It’s starting to look a lot like Christmas

Bankers Hill Christmas lights

All those twinkling lights cost a lot of money - good thing they're bankers

In my humble, personal experience, I’ve found that people in the UK tend to approach the holiday season differently to the average American. (See my blog about Halloween.) Sure, Christmas is a big deal in Britain, and people get into the spirit of the season, but it’s not quite on the same scale as it is across the pond, where the trees tend to be bigger, the decorations more elaborate, the cards more personal and the baking more essential. My mother, for instance, is given an obscene amount of baked goods from her various friends, relatives and neighbors – it’s probably enough to kill an elephant.

The weekend after Thanksgiving, the Christmas season picks up a gear – it’s when many Americans dig out the enormous decorations they’ve been hiding in the garage and start decorating their houses with the glee of carolers singing Frosty the Snowman. Some of the decorations are so over the top, you would have thought Liberace himself had overseen the whole process from his palatial, gold-encrusted house.

When I was growing up, my neighborhood was very much from the Liberace school of thought. Almost every house had some crazy Christmas light display – if you didn’t, you were very much in the minority. Even my dad, who embodies the antithesis of domesticity and is practically molded into his armchair, would risk breaking a limb and would precariously climb up to the second story to drape some fairy lights. (They’d also stay up there until February when we’d get a letter from the housing association threatening us with a fine if they didn’t come down.) As Christmas approached, the neighborhood would become a destination for busloads of people, in caravans, who would circle the 1970s track housing and gape in admiration.

Christmas lights

Not quite what it used to be but you still get inflatable mangers

This has waned in recent years, and there are no more caravans. I don’t know if it’s the rising cost of electricity or the fact that the neighborhood has aged considerably, but not as many people deck their homes out in festive cheer. There are still plenty of exceptions, and I took a little tour of the neighborhood to see who has already put lights up as of December 1.

Feeling a bit like a creepy Christmas freak, I crept around and took some rather underwhelming pictures under pressure. I was a little worried that someone was going to ask me what the hell I was doing trying to zoom in on Mary and Joseph in the manger from a parked car. My brother, who is a more accomplished photographer than I am, took the main picture (above) on Monday night while we were out in a neighborhood called Bankers Hill in San Diego. It’s more affluent than the suburb where we live at the moment – and, with a name like Bankers Hill, it does sound like the residents are rather rich.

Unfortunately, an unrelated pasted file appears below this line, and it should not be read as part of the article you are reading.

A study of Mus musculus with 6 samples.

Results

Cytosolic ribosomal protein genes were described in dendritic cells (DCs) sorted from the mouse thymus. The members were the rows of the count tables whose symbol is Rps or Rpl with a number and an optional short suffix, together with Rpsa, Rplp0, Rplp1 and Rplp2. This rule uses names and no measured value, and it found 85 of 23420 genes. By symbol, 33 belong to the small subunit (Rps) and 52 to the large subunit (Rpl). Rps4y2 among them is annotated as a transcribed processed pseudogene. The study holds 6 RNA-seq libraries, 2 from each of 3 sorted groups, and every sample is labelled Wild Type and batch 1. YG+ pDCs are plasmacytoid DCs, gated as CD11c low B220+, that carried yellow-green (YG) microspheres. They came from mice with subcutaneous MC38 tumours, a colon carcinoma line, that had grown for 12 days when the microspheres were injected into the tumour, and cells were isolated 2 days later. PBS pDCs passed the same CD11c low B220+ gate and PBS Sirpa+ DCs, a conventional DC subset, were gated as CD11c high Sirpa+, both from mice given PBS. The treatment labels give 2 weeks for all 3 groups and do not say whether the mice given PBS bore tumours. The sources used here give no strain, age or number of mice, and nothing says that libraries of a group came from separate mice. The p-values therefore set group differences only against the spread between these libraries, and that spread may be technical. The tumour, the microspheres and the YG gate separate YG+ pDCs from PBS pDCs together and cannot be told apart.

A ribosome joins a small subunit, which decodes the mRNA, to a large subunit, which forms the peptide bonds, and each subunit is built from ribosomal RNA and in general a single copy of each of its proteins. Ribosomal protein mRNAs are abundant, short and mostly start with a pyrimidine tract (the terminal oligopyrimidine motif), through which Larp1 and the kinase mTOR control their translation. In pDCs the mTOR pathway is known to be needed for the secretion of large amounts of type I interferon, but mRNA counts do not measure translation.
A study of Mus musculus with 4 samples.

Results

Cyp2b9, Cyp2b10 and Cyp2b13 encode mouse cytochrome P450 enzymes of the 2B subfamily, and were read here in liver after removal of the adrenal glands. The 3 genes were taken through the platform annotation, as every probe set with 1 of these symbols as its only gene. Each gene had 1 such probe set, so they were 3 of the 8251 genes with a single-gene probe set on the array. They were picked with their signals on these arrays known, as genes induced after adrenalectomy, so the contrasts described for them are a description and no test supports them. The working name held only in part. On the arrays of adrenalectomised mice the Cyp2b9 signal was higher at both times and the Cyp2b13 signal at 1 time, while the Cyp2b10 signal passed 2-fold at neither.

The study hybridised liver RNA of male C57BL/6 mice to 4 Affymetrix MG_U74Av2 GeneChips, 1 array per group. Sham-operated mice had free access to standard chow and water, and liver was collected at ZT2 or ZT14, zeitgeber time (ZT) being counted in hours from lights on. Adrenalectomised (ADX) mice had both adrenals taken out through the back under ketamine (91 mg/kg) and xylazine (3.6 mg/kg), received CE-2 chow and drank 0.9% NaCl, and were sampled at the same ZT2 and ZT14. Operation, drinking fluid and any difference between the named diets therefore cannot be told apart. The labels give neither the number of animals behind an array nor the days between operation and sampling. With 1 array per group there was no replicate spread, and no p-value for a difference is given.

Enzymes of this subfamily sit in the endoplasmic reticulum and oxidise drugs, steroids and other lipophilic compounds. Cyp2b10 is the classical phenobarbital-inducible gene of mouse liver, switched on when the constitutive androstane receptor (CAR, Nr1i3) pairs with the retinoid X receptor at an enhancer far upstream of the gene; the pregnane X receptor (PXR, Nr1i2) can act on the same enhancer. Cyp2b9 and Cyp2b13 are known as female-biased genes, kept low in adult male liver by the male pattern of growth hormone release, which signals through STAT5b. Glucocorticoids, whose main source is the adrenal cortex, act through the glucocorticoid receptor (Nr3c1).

Christmas lights

Ho, ho, ho

Christmas lights

Who needs snow?

Made in America

Meanwhile, ABC’s evening news program with Diane Sawyer is on a mission to try to get families in the United States to buy at least one gift that is made in America – and they have come up with some statistics to drill their message home. First, we’re told that the average American spends a whopping $700 on Christmas or gifts. Then, the dewy-eyed Sawyer – who has a touch of the emotional chatty breakfast presenter about her – reveals that, in the 1960s, nine out of every 10 products Americans bought for the holidays were made in America; but, today, easily more than half of what gets bought is foreign-made.

An anonymous group of economists have come up with this equation: If every American spent $64 on something made in America, it could create 200,000 jobs right now. They also helpfully feature products made in the USA in a recurring segment, although I can’t exactly remember what they were. I have a vague recollection of nails and Bundt cake molds. Not sure the kids would be very impressed if I gave them that in their stocking, but I’m going to try to find alternatives. I already have my brother ticked off with a one-liter bottle of American whiskey or bourbon. I figure I’m already halfway to $64, although I feel slightly uneasy about spending this money on homegrown Jack Daniel’s – he’s probably one American with profits coming out of his ears.



Filed under American life, holidays

3 responses to “It’s starting to look a lot like Christmas

  1. It’s tract housing, not track housing. And I had to read “brother ticked off” twice to understand that you meant accounted for not mad. Then again, I’m made in America.

  2. I love this post. I wonder, since the US consumes 75% of the world’s resources (I forget the oft-quoted statistic), how much of this is from Christmas-time lighting. I remember in Dec. 2009 driving into the Valley to see a neighborhood lit up so well I’m sure you could see it from outer space. (Apparently lots of set and lighting designers, which made the displays particularly amazing.) As for made in America, try Etsy for gifts. I just looked at the label of the boys’ nearly outgrown Baby Gap jeans. They are made in Pakistan. I was astounded that the Richard Scarry book about Cars said “Printed in the USA.” Even most books I get them these days say “Printed in China.”

  3. Vivian

    I second Erin’s recommendation on Etsy. I appreciate the fact that you are contributing to local, small business owners. Since I always purchase from the “handmade” section, there is the added benefit of knowing that your product is unique. In the kids’ rooms alone, I have pillows, a crib bumper, framed art, and a wall decal all made by different people on Etsy! And I’m sure you are already well aware, but there are countless websites devoted to goods produced in the USA. I think even big on-line retailers like Amazon have category filters for American products.